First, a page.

Three new reports on partnership working between faith and local government.

Statement on disinformation about COVID-19 and schools

With the recent reopening of schools, there have been messages circulating via social media, particularly Facebook and WhatsApp, that contain rumours and misinformation about powers given via the Coronavirus Act. These mainly centre on the notion that either schools or the Government has the power to detain children displaying symptoms of COVID-19 for up to 14 days without seeking parental permission.

To be absolutely clear, under the Coronavirus Act, the screening or assessment of a child for COVID-19 can only be carried out by a Public Health Official and in the presence of their parent, carer, or guardian.

  • The powers set out in the Coronavirus Act allow the impositions of restrictions on a person suspected of having coronavirus if they are not voluntarily complying with public health advice.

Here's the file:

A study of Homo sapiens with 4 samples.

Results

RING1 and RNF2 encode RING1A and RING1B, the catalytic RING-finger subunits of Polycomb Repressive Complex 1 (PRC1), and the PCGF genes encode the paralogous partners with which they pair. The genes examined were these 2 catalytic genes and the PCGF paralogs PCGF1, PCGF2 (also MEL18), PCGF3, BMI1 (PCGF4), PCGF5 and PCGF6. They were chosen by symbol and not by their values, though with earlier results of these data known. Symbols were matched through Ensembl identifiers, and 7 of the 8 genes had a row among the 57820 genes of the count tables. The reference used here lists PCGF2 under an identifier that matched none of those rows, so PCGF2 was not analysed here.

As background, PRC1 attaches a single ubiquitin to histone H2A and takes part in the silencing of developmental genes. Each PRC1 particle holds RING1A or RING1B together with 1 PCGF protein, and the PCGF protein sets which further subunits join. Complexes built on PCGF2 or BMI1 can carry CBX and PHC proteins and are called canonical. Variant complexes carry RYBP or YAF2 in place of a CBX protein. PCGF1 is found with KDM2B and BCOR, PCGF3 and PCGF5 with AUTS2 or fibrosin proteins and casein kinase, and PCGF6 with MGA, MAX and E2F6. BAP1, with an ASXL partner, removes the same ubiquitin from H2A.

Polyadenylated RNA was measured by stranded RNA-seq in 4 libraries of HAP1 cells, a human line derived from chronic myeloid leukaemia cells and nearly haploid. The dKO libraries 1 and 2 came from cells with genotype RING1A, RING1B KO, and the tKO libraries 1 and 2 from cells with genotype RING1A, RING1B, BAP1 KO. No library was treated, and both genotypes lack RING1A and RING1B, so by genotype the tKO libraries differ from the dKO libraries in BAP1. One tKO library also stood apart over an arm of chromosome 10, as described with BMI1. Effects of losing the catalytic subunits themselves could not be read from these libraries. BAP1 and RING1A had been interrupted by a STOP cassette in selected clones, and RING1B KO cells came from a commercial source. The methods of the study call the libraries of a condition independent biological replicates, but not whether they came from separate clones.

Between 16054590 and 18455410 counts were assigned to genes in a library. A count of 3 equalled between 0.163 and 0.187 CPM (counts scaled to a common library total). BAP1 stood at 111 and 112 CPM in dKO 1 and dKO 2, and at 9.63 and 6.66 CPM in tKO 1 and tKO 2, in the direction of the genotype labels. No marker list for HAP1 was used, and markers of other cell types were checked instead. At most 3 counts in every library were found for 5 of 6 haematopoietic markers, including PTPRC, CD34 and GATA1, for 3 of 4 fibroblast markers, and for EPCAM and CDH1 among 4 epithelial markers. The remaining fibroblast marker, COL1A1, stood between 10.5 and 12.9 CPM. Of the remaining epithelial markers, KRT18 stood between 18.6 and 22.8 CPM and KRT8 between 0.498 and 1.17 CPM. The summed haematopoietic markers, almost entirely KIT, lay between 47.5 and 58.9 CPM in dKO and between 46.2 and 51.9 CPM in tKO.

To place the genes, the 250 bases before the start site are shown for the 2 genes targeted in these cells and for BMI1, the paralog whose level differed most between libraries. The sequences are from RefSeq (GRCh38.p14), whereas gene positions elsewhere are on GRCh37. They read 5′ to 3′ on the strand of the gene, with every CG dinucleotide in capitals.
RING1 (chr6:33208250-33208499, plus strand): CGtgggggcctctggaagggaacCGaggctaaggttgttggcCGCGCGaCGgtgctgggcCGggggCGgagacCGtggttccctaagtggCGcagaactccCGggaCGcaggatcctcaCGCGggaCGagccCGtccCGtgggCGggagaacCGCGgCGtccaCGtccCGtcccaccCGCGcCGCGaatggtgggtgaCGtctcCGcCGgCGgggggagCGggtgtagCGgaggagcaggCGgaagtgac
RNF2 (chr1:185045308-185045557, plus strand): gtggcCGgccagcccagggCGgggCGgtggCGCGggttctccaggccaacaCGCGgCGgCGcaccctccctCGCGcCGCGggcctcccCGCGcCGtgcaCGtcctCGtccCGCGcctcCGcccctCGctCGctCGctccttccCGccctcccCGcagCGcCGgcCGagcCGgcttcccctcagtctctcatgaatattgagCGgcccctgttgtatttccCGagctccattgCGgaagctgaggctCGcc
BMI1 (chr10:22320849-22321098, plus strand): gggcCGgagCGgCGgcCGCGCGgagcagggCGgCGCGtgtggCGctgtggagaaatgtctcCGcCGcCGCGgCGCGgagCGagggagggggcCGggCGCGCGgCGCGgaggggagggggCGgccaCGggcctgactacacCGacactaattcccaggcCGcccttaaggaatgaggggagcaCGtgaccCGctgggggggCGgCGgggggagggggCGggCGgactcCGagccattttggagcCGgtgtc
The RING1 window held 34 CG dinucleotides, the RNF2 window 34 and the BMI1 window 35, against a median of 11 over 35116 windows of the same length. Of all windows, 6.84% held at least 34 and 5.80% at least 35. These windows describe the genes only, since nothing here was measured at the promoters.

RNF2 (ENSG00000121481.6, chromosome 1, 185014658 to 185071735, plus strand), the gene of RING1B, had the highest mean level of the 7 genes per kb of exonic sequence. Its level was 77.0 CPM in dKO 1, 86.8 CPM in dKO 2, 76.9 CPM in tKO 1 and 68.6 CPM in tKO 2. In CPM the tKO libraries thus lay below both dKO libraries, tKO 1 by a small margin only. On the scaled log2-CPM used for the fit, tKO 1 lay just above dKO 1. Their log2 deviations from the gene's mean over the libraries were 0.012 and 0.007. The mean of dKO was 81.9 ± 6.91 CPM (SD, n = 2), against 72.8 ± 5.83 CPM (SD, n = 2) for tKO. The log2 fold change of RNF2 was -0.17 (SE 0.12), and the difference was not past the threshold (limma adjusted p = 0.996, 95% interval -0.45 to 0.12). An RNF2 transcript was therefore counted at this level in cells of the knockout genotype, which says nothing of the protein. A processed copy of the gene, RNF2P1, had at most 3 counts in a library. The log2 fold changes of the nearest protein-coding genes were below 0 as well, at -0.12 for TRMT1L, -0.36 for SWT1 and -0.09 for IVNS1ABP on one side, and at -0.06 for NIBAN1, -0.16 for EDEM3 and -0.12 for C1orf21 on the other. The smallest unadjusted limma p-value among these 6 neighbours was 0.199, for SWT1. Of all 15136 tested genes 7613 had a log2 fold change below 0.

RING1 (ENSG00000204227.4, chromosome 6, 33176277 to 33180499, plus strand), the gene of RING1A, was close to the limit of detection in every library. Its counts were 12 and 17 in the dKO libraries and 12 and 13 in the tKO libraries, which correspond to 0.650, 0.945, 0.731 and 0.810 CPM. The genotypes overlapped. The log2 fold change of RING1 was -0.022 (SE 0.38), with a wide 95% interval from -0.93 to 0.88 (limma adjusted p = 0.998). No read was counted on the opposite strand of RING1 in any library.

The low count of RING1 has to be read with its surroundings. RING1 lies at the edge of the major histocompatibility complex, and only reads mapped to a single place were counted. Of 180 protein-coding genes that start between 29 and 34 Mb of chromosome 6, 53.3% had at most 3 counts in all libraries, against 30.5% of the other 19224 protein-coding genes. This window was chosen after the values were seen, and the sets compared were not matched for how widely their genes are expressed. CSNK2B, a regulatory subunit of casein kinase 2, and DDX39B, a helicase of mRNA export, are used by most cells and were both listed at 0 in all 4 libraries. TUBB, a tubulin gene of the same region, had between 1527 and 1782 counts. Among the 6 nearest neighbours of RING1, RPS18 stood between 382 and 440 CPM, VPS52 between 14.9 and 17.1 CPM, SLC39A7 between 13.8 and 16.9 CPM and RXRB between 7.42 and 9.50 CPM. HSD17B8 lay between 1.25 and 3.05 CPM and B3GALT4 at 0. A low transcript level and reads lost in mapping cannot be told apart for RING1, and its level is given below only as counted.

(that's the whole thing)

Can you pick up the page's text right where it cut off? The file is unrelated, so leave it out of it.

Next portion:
• These powers are only for Public Health Officials and only to be used as a last resort.
  • These powers are only to be used if considered necessary and in the interests of the person, for the protection of others, or the maintenance of public health.
  • A Public Health Official does not have the power to screen and assess a minor for coronavirus without a parent, carer or guardian present.
  • After an assessment, a Public Health Official may place appropriate restrictions. These powers include asking the child and their family to self-isolate at home for up to 14 days in order to stop the spread of coronavirus.
  • If you are unable to self-isolate at home, alternative arrangements can be discussed with the Public Health Official.
  • If you feel that the restrictions imposed upon your child is unfair, you have the right of appeal in the magistrates’ court.